Volume 6

Issue 12

More than 80% of us find the holiday season to be somewhat or very stressful. While this season is meant to bring feelings of love and cheer, it is also the harbinger of a particular kind of stress a whirlwind of gift-giving, parties and activities that begins right after Halloween, builds to Thanksgiving, and continues gaining momentum through the end of the year. Stress Doing Too Much Experiencing too much of a good thing, even fun activities, can leave us frazzled rather than fulfilled. Eating, Drinking and Spending Too much partying, excess gift-giving, rich desserts and/or alcohol often leave us with unwanted consequences such as major bills, weight gain and the feelings of guilt that go along with over-indulgence. Too Much Togetherness Even the most close-knit families can overdose on togetherness making it hard for family members to maintain a healthy balance between bonding and alone time. Loneliness People who have lost loved ones or whose families are far away, or those who have no families at all experience great sadness and feelings of depression, dejection and despondency. Relief Set your Priorities. Before you get overwhelmed by too many activities, its important to decide what offers the most positive impact and eliminate those activities that are not so important. If you are alone try to be with friends who are also alone. If that is not possible, try volunteering or planning an activity you wouldnt normally engage in. Be creative!

December 2011

Babies who are born to mothers who are addicted to oxycodone and hydrcodone go through withdrawal after birth. From 360 addicted babies born in 2006, the number grew to 1, 374 in 2010. Marijuana arrests accounted for 52% of all U.S. drug abuse violation arrests in 2010 A study reported by says women who became adults when 18 was the legal drinking age are at higher long-term risk for homicide and suicide than women who grew up after the legal drinking age became 21. Alcohol is metabolized in the body at a fixed rate. The more a person drinks, the longer it takes the body to process it out. (approximately 1oz per hour) Using prescription medications incorrectly is drug abuse. Take prescription medications only as prescribed by a doctor. Self medication could mean illness, poisoning or death..

Beware of Intentional Poisonings Emergency rooms reported 14,270 intentional poisonings in 2009. Alcohol was a factor in 60 percent of the cases. Nearly two-thirds of those visits to the ER were by women. Intentional poisonings are attempts to harm someone by deliberately getting them to take a potentially harmful substance without their knowledge. Often intentional poisoning involves a date rape drug that is slipped into an un attended drink. This could happen at bars, parties, concerts and/or Raves. The report from SAMHSA found one-third of intentional poisonings involve illegal drugs such as marijuana, stimulants or ecstasy, while 21 percent involved prescription drugs. One-half of all the poisonings included alcohol. Not only is the health of the person who is poisoned compromised, they are also in jeopardy of falling prey to other crimes such as robbery and sexual assault. claims, SAMHSA Administrator Pamela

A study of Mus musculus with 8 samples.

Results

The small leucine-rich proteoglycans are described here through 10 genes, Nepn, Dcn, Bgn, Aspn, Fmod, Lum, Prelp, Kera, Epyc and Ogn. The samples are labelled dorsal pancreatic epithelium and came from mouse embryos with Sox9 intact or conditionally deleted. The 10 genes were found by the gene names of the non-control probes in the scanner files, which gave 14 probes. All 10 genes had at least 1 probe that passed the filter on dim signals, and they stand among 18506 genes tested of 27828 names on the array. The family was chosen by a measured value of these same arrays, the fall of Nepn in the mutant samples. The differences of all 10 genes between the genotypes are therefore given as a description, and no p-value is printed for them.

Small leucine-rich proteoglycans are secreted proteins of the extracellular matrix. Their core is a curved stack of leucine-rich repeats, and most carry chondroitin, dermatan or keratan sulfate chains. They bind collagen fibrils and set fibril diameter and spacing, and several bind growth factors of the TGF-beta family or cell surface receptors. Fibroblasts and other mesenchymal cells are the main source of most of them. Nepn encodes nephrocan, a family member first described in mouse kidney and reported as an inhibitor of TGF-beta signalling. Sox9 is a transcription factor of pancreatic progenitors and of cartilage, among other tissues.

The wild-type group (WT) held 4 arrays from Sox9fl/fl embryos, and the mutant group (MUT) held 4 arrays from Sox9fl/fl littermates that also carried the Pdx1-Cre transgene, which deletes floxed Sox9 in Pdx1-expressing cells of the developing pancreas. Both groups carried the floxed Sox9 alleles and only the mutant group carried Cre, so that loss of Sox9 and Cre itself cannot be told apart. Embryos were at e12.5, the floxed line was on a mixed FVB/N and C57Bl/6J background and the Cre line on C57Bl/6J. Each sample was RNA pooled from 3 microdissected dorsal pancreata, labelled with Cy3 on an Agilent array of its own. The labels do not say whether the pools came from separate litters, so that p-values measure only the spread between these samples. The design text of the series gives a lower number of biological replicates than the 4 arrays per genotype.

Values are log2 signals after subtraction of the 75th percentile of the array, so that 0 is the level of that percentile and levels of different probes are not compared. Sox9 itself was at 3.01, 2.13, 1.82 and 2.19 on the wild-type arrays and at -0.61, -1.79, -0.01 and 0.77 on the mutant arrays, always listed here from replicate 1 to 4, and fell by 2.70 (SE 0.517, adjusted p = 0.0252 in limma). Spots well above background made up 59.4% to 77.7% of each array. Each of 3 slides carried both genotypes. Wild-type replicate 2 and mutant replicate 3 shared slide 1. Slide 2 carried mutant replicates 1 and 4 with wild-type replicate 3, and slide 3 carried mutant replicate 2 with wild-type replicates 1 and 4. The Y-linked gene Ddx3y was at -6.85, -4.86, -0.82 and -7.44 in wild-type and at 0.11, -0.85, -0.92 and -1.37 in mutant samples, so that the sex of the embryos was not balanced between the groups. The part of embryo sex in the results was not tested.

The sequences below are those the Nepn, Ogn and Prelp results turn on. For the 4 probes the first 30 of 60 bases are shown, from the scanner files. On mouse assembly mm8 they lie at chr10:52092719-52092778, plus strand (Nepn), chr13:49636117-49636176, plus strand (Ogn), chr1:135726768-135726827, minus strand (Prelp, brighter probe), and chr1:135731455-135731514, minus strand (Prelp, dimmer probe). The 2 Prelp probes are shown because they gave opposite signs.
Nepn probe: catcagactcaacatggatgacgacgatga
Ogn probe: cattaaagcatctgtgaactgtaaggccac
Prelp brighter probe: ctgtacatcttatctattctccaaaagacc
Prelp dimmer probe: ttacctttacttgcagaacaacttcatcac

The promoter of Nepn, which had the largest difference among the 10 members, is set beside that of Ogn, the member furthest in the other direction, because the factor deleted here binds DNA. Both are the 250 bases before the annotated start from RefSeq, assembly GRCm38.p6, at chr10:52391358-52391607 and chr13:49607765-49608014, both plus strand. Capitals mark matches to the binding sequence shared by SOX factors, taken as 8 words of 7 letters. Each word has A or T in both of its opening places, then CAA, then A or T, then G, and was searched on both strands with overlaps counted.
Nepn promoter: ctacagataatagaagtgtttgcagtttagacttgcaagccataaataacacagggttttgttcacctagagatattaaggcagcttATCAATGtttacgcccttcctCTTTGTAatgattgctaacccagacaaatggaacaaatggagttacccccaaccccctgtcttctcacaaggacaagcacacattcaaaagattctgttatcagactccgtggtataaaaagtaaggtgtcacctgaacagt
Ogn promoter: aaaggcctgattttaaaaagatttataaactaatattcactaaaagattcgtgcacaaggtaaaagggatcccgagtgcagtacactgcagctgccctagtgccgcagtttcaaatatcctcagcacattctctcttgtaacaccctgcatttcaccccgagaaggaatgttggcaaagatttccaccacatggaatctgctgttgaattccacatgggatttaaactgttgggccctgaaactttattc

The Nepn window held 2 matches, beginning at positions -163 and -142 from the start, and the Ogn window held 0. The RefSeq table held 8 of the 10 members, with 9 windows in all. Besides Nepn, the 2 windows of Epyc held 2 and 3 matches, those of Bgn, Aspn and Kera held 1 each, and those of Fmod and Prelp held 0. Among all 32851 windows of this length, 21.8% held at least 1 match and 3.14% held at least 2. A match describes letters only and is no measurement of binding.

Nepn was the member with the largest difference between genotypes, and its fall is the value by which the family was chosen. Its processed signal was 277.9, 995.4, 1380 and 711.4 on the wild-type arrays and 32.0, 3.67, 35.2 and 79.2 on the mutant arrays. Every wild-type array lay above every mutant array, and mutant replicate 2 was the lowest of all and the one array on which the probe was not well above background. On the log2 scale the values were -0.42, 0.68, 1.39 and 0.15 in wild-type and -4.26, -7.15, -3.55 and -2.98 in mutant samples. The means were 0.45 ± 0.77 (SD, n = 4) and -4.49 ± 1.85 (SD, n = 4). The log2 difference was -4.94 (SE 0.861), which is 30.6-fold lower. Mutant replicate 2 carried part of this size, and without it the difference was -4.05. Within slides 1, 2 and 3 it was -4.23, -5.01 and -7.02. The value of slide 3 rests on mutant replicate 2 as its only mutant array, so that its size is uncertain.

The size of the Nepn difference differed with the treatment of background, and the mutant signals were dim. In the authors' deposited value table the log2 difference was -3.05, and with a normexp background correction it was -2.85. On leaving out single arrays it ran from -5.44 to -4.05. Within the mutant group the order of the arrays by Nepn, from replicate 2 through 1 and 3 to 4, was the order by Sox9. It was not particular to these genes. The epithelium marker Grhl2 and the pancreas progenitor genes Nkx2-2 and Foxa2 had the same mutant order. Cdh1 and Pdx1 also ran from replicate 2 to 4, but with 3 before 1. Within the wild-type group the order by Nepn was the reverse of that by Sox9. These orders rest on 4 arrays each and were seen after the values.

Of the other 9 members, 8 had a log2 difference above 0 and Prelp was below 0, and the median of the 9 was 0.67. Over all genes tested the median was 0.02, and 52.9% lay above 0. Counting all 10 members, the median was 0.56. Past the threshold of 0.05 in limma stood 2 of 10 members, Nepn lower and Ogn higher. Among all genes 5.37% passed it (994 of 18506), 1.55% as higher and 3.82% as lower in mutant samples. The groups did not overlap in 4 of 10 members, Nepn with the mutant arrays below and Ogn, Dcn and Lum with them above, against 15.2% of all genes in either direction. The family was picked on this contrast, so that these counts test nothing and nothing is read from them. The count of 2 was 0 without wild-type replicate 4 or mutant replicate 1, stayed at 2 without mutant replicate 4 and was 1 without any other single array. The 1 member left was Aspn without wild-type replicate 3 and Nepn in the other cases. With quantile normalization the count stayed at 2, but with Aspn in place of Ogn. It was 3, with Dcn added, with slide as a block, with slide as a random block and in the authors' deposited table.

Rise in Prescription Stimulant Abuse Concerns College Administrators ( College administrators are concerned about the increase in stimulant use such as Ritalin and Adderall. These drugs are popular among students trying to stay focused while studying. Reducing abuse of these drugs is very difficult administrators say. It is not obvious when students are taking the drugs. Prescription stimulants can cause a variety of health problems if they are misused, including irregular heartbeat and panic attacks. They can be deadly in rare cases if they are mixed with alcohol or other drugs. To combat the problem, many colleges are trying to educate students about the dangers of abuse and are attempting to pinpoint issues that lead to abuse of the drugs., such as high levels of stress, poor study skills or too much partying during the week. According to the White House Office of National Drug Control Policy, one study at a large university found that students who use prescription stimulant medications for non medical purposes generally have lower grade point averages, are more likely to be heavy drinkers and users of other illicit drugs, are more likely to be dependent on alcohol and marijuana, miss class more frequently and study less.

Easy, Non-alcoholic Holiday/Party Drinks

Eggnog Coffee Punch One and one-half cups of coffee ice cream One and one-half cups eggnog One cup hot, strong coffee Four tablespoons frozen whipped toping Ground nutmeg Heat ice cream, eggnog and coffee over low heat until warm. Pour into mugs and top with whipped topping and nutmeg.

Sparkling Punch Two lemons Three large oranges One 6oz can frozen lemonade concentrate 1 liter club soda Two 750 milliliter bottles of sparkling apple cider Two tablespoon white sugar 2 trays of ice cubes Mix all ingredients in a punch bowl and add ice cubes.

Fruit Punch One 64 oz bottle of cold fruit punch One 64 0z bottle of cold unsweetened pineapple juice One 2 liter bottle of cold ginger ale 1/2 gallon of orange sherbet

Cran-Raspberry Snowball Punch One 32 oz bottle of cold cranberry juice One 12 oz jar of seedless red raspberry jam One and one-half bottles (2 liter) cold lemon/lime carbonated beverage One half gallon vanilla ice cream

Mix all liquids in a punch bowl and top with orange Mix all liquids and jam in sherbet. Give a gentle a punch bowl. Top with scoops of ice cream stir.